I was talking to a local Democrat the night before last about Obama’s chances. He’s the former county chair, now retired. He said he was done with politics when he retired, said he was going to spend time with his grandchildren and follow Notre Dame football and to hell with all of us, but he didn’t mean it, because he still calls me all the time. He’s (generally) a pessimist, a dour person, although I recently borrowed his car and the one and only CD he had in there was called something like “Silly Songs for the Very Young”. Now I imagine him cruising west on I-80 towards Indiana, huge sedan full of his tiny grandkids, singing merrily along. I don’t “know” anyone, really.
Anyway, he worries about things I forget to worry about, and he’s fretting about the health care lawsuit. He told me it’s “bad for Obama”. I thought about that, and I’m not sure that’s right. I think the health care lawsuit carries risk for both sides.
Why is it assumed that 5 judges repealing the Affordable Care Act is good for conservatives, politically? The polling isn’t at all conclusive, despite what we’ve been told. This isn’t a slam-dunk. Republicans support repeal, and Democrats oppose repeal.
Conservative lawyers and donors are asking the Supreme Court to throw out the whole law, which is of course consistent with their long-held principle of judicial restraint. But, conservative lawyers and donors (and federal judges) have health insurance, and if they win this ideological battle they’ve draped in legal garb, 2.5 million young people who are now covered under the Act will get very, very nervous.
And, conservative lawyers and donors aren’t just suing on Obamacare. They’re gunning for Medicaid, which of course has huge implications for those people who are dependent on Medicaid. Conservatives mischaracterize Medicaid. Medicaid is a program for old people, children, and disabled people. And, you wouldn’t know it to listen to the pundits chatter, but Medicaid is actually very popular with Real Americans.
It’s a program for poor people without insurance, yes, but many more people fall into that category than you might realize. There are, first, the working-age Americans, along with their children, for whom Medicaid provides basic health insurance. And then, there the elderly and the disabled, for whom Medicaid provides supplemental coverage (to pay for the deductibles in Medicare, for example) or long-term care insurance (most famously, to pay for nursing homes). In many cases, these are people who were not poor until they needed long-term care, spent down their savings, and eventually became eligible for Medicaid once they ran out of money.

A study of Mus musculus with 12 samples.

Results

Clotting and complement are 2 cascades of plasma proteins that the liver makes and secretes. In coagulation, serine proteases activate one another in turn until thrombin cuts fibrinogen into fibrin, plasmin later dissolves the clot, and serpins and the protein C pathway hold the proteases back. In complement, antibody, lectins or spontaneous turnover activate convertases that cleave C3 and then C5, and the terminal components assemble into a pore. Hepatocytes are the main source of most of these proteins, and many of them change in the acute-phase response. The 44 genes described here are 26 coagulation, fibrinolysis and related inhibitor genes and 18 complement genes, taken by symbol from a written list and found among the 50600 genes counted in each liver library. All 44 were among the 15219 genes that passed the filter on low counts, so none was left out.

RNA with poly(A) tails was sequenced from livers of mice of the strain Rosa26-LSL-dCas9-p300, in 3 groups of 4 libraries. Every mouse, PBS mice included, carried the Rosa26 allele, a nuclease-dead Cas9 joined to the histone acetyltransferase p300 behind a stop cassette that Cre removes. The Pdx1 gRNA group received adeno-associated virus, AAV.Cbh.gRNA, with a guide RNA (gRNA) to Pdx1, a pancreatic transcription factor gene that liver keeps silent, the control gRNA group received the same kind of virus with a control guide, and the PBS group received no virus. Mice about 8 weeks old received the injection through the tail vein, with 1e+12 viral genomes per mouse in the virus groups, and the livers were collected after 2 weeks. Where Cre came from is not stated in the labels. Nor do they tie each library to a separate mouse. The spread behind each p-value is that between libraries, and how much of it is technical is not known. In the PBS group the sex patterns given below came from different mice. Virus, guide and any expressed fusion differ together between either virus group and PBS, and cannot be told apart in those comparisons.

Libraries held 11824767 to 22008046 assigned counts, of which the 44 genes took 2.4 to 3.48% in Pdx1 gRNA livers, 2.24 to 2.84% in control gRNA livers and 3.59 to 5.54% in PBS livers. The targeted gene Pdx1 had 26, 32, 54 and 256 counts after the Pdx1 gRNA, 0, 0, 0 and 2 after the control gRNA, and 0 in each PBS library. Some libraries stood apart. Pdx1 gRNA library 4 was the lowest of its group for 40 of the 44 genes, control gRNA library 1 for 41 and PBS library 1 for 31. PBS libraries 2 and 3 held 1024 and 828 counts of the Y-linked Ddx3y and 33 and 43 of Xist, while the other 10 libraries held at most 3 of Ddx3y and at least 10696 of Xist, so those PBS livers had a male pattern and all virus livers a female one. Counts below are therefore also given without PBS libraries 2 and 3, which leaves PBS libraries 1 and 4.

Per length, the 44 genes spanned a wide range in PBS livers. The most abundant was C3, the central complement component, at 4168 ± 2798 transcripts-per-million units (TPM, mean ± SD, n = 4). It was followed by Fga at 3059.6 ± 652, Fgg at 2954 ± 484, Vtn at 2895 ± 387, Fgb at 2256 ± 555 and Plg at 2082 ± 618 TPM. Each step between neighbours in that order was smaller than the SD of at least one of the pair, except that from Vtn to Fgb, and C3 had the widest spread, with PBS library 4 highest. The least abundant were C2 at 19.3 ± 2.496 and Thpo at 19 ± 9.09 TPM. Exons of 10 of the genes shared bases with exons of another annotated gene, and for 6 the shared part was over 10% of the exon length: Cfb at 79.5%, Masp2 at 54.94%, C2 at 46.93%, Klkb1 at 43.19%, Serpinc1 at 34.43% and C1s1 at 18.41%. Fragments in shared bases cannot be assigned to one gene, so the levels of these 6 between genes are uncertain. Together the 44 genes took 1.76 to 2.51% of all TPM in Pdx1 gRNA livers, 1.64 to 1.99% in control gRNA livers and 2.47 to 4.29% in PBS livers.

While 5 judges overturning Obamacare and chipping away at the legal foundation for Medicaid may be popular with the conservative base and complicate Obama’s campaign message and chance at re-election, I think it’s safe to say that 5 judges throwing 2.5 million young Americans off health insurance, knocking the pins out from under Medicaid, and destroying President Obama’s signature domestic achievement will also complicate Mitt Romney’s campaign message.
Conservatives have nothing to offer on access to health care for the uninsured. They’ve spent the last thirty years avoiding the subject altogether, hoping the uninsured would go away and quit bothering them. Mitt Romney is going to run around celebrating the fact that 2.5 million Americans just lost their health insurance, by judicial fiat? Mitt Romney is going to be cheering as all the states that are putting Obamacare into practice are ordered to STOP? Romney’s going to come out and crow that we’re now back to the status quo on health care? It’s morning in America! The Supreme Court got rid of any chance you had to get covered under Medicaid or purchase affordable health insurance, and, oh, by the way, I plan to end Medicare too? Is that Mitt Romney’s winning message?
There’s going to be political repercussions on both sides no matter what the outcome of the court case, and I don’t know that conservatives benefit, automatically and inevitably. They certainly didn’t benefit from the S-CHIP battle. They were left defending denying health care to children. They lost.
On the flip side, if the law is upheld, what is going to be the reaction of the perennially angry and vindictive Tea Party faithful? First they were told a House majority would overturn the law, and then they were told that 5 judges would overturn the law. The House majority didn’t repeal the law, because one chamber can’t repeal a law in America, despite what they were told. What if the 5 conservative judges let them down too?
Seems to me there’s political risk on all sides. Seems to me conservatives might want to have waited and repealed the law the old-fashioned way, by winning elections.